The Snapchat Generation
We are a generation of attention spans that lack any substance. According to an article published by TIME and Microsoft, the average human now has an attention span of 8 seconds. They note that due to the growing digital lifestyle the human species can no longer boast for having longer attention spans than our gold brothers and sisters.
Do I have your attention now? Great.
When I think about how the world is changing, there are really two ways to think about it. We might think that we are all closer because we have these communities and social networks where everyone can know everything about your life with a few swipes. Think about it, we can check in at breakfast, snap a photo of our food, send out a video of our pancakes, and tag our friends in a series of moving photos. All before we even take a bite.
I wouldn’t say we are closer. I’d argue we are further apart.
The most punk rock thing anyone can do is to stand up to the popular norm. To say this isn’t for me, and to take a stand on the shoulders of your beliefs. To throw closed fists at the established order.
You could also say that’s just getting older.
I downloaded snapchat a few months ago when the news stations played their tired stories about the latest craze that will take your children’s minds and souls. And for he first time the realization that life is passing you by happened to me. I uttered the words my parents said all my life
“I don’t get it”
But I thought perhaps it just took some time. So I add my friends. And we sent photos and videos back and forth. But unlike other social networks, the experience was empty. Cold. There was such a miniature window that it felt like a fleeting memory. A blip on the radar of an increasingly empty experience. Twitter felt like something brand new. Like a stream of consciousness brought together by impulses and hashtags. Instagram showed us a birds eye view of your eyes. One we could look back on and remember these moments. But snapchat couldn’t stay around long enough to show us the consciousness and didn’t make enough of an impression to show us the birds eye view. It felt hollow and sad.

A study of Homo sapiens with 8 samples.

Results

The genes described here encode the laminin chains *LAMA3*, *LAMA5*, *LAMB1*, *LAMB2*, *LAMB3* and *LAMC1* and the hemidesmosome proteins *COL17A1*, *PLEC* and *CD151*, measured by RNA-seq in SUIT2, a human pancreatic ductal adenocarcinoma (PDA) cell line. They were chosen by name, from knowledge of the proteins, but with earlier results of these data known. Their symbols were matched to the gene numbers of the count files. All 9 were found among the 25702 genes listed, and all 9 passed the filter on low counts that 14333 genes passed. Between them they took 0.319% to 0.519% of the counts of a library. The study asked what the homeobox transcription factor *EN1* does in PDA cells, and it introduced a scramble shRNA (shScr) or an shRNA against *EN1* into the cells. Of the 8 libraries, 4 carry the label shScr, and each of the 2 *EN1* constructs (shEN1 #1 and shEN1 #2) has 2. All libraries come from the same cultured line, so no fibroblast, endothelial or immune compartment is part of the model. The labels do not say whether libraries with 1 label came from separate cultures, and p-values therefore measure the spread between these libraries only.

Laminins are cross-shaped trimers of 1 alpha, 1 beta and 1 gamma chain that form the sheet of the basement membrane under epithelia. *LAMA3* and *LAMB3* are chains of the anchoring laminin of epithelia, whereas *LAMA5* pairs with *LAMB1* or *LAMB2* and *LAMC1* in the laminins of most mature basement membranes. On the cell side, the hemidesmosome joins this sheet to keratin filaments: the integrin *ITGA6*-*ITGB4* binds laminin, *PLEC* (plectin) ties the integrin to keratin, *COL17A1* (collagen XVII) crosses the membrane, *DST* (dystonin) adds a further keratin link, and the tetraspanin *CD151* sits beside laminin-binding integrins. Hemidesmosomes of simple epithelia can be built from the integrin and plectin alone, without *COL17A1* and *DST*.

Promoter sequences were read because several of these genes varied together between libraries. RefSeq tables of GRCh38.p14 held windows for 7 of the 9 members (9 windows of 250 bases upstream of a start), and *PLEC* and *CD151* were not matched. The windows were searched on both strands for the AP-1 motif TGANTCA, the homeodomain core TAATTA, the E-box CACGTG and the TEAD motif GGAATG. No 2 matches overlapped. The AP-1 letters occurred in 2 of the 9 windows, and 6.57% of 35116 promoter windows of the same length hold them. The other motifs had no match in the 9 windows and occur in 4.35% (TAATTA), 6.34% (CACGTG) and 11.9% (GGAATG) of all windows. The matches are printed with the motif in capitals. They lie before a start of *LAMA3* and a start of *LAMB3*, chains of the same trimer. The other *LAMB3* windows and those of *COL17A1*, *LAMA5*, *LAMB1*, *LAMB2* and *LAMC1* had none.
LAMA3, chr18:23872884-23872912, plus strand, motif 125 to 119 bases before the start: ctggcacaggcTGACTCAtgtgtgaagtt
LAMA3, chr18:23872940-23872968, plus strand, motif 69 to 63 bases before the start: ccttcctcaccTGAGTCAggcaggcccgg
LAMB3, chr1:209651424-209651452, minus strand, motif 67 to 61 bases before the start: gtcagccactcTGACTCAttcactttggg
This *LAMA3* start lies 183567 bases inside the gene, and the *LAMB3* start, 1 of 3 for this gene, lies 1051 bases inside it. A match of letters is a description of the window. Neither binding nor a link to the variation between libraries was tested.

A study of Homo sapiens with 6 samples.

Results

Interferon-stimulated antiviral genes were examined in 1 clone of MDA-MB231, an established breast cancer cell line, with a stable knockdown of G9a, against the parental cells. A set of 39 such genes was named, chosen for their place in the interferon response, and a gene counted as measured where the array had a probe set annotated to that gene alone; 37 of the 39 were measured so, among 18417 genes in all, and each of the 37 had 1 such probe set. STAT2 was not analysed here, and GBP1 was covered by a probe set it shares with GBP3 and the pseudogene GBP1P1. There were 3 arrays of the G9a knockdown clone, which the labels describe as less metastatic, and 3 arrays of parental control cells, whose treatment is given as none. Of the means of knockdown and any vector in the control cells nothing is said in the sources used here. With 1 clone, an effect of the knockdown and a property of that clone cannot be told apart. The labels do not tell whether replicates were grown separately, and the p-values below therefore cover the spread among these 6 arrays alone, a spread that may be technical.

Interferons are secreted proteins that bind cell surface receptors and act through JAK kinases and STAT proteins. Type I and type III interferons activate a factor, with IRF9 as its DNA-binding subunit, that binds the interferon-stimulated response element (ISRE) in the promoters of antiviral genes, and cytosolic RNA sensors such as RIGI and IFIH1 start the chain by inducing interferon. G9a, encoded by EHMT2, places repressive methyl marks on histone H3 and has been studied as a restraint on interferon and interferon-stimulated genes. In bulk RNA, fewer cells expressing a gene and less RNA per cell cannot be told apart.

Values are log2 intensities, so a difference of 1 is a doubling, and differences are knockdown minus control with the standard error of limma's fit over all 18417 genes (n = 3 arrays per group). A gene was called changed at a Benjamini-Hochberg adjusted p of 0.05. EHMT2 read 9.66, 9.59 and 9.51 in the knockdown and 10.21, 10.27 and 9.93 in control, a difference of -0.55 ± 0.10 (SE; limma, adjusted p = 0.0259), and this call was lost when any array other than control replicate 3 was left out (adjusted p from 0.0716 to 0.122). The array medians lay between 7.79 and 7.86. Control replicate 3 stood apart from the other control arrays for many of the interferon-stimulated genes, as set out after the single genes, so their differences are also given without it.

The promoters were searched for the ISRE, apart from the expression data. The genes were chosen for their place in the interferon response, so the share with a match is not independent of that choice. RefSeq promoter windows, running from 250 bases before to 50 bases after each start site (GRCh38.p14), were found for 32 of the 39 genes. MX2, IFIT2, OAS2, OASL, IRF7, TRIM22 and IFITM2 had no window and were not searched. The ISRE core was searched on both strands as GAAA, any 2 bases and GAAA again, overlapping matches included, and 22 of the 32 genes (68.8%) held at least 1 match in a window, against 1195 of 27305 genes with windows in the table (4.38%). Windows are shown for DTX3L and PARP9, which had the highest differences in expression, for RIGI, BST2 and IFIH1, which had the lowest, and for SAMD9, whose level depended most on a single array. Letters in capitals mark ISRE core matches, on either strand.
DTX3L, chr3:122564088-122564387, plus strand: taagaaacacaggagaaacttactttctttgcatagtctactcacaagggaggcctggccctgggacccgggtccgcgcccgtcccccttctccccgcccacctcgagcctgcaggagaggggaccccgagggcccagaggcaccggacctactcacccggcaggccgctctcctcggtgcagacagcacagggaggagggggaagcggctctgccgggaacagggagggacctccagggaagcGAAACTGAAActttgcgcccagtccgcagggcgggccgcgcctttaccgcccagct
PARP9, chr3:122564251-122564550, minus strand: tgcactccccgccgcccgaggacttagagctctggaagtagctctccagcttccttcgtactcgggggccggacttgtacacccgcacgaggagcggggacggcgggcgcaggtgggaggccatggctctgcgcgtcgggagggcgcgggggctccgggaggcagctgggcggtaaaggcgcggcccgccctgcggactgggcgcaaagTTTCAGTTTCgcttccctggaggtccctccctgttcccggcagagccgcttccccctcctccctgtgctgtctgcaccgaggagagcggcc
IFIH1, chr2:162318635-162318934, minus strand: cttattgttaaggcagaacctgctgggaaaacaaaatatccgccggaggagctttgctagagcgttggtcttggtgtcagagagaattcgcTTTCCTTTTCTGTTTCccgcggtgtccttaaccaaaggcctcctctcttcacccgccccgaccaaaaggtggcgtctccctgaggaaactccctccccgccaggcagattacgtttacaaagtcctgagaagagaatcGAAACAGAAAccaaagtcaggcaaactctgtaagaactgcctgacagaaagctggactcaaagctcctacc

Now snapchat is an the front of this increasingly crowded space of digital media. And when we think about what this means moving forward, I come back to the goldfish. Their world is the bowl, the water, and the food that gets sprinkled near the surface. And I can’t help but see something similar with snapchat. You need to be glued to the screen because there is this single chance to see what is happening and you can not go back in time. It feels like the goldfish with their face pressed against the glass of their bowl, hoping to catch a glimpse of something real. But too petrified to look around and miss what is going to be snapped next.
Originally published at andyjoeshow.com.